The news: Insurance companies are among the most recognizable TV advertising brands, but new data from S&P Global Markets shows they are cutting ad spend dramatically, similar to automotive companies.
- Geico leads the spending decline, slashing its budget from $2.07 billion in 2021 to $1.28 billion in 2022, a 38% decrease and the steepest among its insurance contemporaries. In October, Geico laid off a “sizable” portion of its marketing department and parted ways with long-time ad agency Horizon Media.
- Spending fell 7.6% from $1.87 billion to $1.73 billion at Progressive and decreased 26.9% to under $1 billion at Allstate. State Farm spending dropped from $1.07 billion to $1.01 billion.
Why is this happening? Insurance is joining other longtime, big advertising spenders like automakers in slashing spending and rethinking marketing strategies as the economy softens.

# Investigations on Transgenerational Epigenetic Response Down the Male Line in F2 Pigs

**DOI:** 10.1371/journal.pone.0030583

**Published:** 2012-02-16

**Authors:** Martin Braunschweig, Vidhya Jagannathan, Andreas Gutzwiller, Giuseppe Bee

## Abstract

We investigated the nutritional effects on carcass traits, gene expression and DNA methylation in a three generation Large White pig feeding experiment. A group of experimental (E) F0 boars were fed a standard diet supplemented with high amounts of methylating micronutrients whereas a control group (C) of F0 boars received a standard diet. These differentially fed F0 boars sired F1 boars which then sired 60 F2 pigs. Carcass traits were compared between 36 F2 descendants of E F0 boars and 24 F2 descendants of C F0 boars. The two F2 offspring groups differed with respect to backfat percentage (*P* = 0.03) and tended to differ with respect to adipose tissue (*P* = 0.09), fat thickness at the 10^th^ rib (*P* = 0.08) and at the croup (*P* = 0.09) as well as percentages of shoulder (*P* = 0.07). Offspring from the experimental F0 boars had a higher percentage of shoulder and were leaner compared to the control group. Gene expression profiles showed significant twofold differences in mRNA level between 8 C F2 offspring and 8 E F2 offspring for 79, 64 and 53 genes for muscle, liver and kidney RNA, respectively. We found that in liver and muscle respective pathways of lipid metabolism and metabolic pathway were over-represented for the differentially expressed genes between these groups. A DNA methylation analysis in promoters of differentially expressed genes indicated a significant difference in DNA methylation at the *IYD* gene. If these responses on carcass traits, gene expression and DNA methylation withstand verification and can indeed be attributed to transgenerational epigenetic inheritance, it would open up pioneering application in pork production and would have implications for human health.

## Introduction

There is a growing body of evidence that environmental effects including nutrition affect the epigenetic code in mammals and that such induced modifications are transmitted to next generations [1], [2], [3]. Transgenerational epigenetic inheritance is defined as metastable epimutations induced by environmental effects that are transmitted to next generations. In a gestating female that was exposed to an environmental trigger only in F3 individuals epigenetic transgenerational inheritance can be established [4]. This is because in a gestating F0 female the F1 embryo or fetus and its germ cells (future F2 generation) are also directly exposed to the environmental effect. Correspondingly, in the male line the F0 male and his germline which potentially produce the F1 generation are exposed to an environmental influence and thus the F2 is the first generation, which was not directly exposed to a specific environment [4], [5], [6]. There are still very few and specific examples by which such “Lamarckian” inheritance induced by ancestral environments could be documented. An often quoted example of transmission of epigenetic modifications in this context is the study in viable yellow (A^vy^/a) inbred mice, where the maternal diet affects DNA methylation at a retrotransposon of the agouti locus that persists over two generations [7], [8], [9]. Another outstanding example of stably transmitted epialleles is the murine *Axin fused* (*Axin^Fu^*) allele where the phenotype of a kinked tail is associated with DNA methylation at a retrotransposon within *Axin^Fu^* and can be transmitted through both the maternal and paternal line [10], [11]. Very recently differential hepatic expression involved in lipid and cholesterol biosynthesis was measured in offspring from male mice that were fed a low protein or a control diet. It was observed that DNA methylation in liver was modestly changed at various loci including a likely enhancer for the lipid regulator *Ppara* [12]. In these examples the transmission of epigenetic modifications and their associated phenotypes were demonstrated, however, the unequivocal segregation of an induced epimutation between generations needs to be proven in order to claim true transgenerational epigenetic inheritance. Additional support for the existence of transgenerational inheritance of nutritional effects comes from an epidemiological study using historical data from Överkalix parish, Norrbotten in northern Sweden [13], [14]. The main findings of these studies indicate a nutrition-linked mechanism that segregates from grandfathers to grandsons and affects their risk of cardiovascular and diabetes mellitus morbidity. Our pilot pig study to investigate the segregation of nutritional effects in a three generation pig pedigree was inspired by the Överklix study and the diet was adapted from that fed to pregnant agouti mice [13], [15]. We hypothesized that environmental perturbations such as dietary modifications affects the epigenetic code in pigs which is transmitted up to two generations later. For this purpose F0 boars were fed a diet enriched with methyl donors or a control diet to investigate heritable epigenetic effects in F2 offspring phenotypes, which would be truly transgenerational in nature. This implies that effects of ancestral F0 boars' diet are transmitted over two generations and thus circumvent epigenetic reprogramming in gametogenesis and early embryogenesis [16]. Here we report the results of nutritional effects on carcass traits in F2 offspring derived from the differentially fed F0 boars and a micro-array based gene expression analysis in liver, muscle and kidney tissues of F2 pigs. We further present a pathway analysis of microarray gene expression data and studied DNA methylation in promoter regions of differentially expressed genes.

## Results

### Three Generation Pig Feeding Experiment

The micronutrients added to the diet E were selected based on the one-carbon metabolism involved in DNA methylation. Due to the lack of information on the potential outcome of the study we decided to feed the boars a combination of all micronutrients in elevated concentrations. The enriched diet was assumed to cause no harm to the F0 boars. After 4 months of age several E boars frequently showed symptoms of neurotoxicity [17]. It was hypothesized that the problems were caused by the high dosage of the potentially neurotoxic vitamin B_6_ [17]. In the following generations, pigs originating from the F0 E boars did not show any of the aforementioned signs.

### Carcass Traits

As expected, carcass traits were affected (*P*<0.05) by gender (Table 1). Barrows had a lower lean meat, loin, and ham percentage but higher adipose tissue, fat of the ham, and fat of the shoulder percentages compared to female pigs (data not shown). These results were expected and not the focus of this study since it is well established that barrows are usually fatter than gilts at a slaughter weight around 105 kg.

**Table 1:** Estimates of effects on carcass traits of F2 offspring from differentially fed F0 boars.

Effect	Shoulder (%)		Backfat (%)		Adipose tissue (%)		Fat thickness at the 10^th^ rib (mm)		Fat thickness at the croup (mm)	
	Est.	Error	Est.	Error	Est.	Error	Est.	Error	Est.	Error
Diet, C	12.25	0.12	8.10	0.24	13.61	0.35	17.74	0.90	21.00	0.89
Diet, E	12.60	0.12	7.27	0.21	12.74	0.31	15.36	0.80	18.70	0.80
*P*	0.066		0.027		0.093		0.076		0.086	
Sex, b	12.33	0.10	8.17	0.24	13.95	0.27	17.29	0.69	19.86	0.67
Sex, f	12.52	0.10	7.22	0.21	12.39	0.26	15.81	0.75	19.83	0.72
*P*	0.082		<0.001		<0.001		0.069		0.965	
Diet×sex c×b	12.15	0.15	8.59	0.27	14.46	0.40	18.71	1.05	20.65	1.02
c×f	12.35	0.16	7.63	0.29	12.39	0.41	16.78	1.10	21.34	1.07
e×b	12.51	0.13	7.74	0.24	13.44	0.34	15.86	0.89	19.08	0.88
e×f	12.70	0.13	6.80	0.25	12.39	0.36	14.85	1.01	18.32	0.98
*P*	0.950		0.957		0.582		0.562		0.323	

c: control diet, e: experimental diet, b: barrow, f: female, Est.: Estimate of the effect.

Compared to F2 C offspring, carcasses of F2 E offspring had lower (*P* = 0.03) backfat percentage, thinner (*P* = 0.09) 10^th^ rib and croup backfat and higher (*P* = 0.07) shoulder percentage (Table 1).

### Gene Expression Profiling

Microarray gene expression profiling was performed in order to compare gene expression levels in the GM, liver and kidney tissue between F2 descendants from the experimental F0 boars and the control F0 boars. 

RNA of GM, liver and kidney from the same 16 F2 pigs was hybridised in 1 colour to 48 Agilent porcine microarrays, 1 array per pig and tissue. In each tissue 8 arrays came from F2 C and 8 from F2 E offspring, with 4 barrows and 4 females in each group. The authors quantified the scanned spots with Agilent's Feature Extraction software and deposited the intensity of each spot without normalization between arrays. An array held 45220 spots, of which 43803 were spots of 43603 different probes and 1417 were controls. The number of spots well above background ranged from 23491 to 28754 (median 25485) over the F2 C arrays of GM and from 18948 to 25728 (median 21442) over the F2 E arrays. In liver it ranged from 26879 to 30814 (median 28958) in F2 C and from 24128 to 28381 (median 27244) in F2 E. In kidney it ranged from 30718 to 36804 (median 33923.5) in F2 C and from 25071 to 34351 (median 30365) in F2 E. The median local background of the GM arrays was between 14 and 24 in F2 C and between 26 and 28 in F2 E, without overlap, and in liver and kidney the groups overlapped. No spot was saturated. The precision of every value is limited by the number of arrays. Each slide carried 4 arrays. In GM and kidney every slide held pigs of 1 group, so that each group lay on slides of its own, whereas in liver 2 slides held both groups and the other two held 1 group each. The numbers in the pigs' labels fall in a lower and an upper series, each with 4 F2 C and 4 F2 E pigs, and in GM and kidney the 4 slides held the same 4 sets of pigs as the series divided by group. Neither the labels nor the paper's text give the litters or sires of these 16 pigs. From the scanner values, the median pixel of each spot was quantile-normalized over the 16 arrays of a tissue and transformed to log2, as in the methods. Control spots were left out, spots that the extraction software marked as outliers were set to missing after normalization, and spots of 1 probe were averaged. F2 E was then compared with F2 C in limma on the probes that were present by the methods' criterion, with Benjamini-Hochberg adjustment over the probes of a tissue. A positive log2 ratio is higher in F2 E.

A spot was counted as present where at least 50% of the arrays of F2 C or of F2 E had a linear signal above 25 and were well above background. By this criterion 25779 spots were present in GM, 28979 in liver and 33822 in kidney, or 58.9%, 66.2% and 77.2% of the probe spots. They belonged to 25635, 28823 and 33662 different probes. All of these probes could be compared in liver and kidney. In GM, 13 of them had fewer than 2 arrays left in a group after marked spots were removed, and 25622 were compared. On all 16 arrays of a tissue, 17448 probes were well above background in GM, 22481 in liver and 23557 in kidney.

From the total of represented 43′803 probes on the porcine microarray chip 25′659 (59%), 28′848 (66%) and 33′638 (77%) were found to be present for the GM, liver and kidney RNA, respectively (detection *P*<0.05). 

- The insurance industry has had a rough go in recent years as home issues during lockdowns and post-lockdown traffic increases caused insurance claims to spike. Those claims and repairs are more costly and time-consuming now due to supply chain issues, and insurers are suddenly finding themselves paying huge amounts out of pocket.
- That means premiums have gone up at almost twice as fast as the rate of inflation. Disruptors like Lemonade are also undercutting the market, offering cheap prices that are costing “premium” insurers like Geico business.
- Desperate to cut costs, Insurers are curbing their ad spending. While issues like cord-cutting might make it easier for these companies to justify cuts, they’re not a driving factor the way they are for the auto industry, especially since Geico and other insurers are heavy spenders across various advertising channels, and all of it is getting cut.
Our take: Insurance’s spending downturn doesn’t help the struggling ad market, but that industry’s cuts are due more to internal issues than the broader problems plaguing advertising. Still, cord-cutting and digital attribution issues certainly make it easier to justify cuts.